It became a theme. A legal pad with only a few pages written upon.
When I found the first few of these on his kitchen table, I laughed and commented to his friend, “I can’t believe he only uses a few pages on each pad.”
“Welcome to my world,” she said with a smile.
As we dug deeper and deeper into the apartment — my brothers, my sister, my father all helping — it became abundantly clear that we had had a minimal understanding of Stewart’s struggles. Layered in with the notepads was a paper trail that told such a sad, sad story.
I daresay that each of us wept, though not collectively. Individually. Privately. Alone. As my family is wont to do. Hearts breaking, not just with the loss of a family member, but with the pain that we uncovered.
While over the years I was busy looking down my nose and saying things like, “I don’t understand why Stewart doesn’t just (fill in the blank),” Stewart was hitting yet another pothole on the bumpy road of his life. And I had no clue. I truly didn’t understand.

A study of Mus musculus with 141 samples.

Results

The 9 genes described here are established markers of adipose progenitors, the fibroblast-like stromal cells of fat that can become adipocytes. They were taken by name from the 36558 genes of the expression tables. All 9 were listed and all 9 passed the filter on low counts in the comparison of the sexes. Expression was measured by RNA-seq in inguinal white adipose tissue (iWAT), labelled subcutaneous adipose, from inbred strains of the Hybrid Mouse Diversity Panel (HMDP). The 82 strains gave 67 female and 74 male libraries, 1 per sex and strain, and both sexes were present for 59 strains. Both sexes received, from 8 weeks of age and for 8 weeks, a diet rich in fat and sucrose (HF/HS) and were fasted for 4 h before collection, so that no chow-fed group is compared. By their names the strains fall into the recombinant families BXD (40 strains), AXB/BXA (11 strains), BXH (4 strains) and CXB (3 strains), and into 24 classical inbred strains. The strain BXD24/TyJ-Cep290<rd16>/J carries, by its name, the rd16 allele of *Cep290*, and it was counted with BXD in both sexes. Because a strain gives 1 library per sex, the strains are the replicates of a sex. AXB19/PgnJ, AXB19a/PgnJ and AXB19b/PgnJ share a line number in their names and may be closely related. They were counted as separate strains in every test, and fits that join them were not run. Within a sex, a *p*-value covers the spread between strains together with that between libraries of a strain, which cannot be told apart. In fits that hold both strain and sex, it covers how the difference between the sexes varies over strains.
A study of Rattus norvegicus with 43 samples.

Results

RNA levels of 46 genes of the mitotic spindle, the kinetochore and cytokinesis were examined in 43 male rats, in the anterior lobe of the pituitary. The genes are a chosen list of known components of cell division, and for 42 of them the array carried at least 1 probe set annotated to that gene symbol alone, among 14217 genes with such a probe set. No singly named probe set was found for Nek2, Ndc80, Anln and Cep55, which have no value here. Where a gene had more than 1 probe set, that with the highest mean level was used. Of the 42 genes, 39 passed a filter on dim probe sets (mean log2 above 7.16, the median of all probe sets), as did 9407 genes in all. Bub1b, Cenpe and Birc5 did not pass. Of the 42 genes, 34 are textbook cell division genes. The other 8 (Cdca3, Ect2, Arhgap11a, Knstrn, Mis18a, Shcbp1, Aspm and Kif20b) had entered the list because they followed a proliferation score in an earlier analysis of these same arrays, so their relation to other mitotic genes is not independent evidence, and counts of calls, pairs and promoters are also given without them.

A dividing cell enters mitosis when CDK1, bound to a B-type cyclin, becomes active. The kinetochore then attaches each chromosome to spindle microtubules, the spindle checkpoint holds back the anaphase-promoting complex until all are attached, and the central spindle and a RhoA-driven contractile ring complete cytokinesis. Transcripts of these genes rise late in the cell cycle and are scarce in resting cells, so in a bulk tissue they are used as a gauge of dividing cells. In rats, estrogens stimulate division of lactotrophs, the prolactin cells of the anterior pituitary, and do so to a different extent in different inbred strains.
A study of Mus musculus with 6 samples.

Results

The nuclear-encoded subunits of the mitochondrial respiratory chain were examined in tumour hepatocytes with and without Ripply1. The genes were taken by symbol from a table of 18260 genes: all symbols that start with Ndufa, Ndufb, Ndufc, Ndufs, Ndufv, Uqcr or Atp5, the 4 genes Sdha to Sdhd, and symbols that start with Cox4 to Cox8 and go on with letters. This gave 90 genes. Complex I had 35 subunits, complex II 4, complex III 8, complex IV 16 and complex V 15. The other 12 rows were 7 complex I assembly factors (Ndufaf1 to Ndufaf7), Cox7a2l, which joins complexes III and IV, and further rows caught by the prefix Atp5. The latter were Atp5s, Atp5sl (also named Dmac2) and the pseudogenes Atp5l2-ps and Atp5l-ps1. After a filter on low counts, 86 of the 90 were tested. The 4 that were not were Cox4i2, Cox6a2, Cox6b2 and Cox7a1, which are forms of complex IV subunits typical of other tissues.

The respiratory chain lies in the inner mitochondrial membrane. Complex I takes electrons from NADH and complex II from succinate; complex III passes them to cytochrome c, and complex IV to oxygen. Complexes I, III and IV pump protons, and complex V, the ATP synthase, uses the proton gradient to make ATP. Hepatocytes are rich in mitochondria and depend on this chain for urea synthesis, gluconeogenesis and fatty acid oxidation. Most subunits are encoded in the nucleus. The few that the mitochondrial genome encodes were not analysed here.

“I found a notepad if anyone needs one,” one of my brothers would call out occasionally.
We would laugh. There was no dearth of notebooks. He had legal pads – yellow and white, composition books, loose leaf paper and three ring binders, ring bound notebooks, blank journals, and paper, just plain white paper.
As I put together a timeline for Stewart’s life — the hidden part that I didn’t know — I began to see a theme. An attempt to put old things behind and start new, followed by a problem, followed by yet another attempt to start new.
This plethora of notepads was a metaphor for his life. A clean notebook. A fresh start. Followed by something I couldn’t always see that made him want to start again.
At the beginning of the weekend, I had driven to the Pittsburgh airport to pick up my sister. On my way, I had passed a man standing along a busy road where there was stop-and-go traffic. He held a battered cardboard sign that read something like, “HOMELESS. VETERAN. PLEASE HELP.” I had watched through my rearview mirror as someone handed him money out the window of their car. My cold hard heart felt nothing for him.
At the end of the weekend, after driving my sister back to the airport, I saw him again. I had no loose change to give him, but I wanted to ask him, “Do you have a sister? Does she live in a little town in a two-story house with her family? Does she know about your gritty exhaust-filled life here by the road?”
Stewart had never reached that point of standing by the road. But I never knew all the struggles he did have.
I wanted to roll down my window and hand that homeless guy a notepad.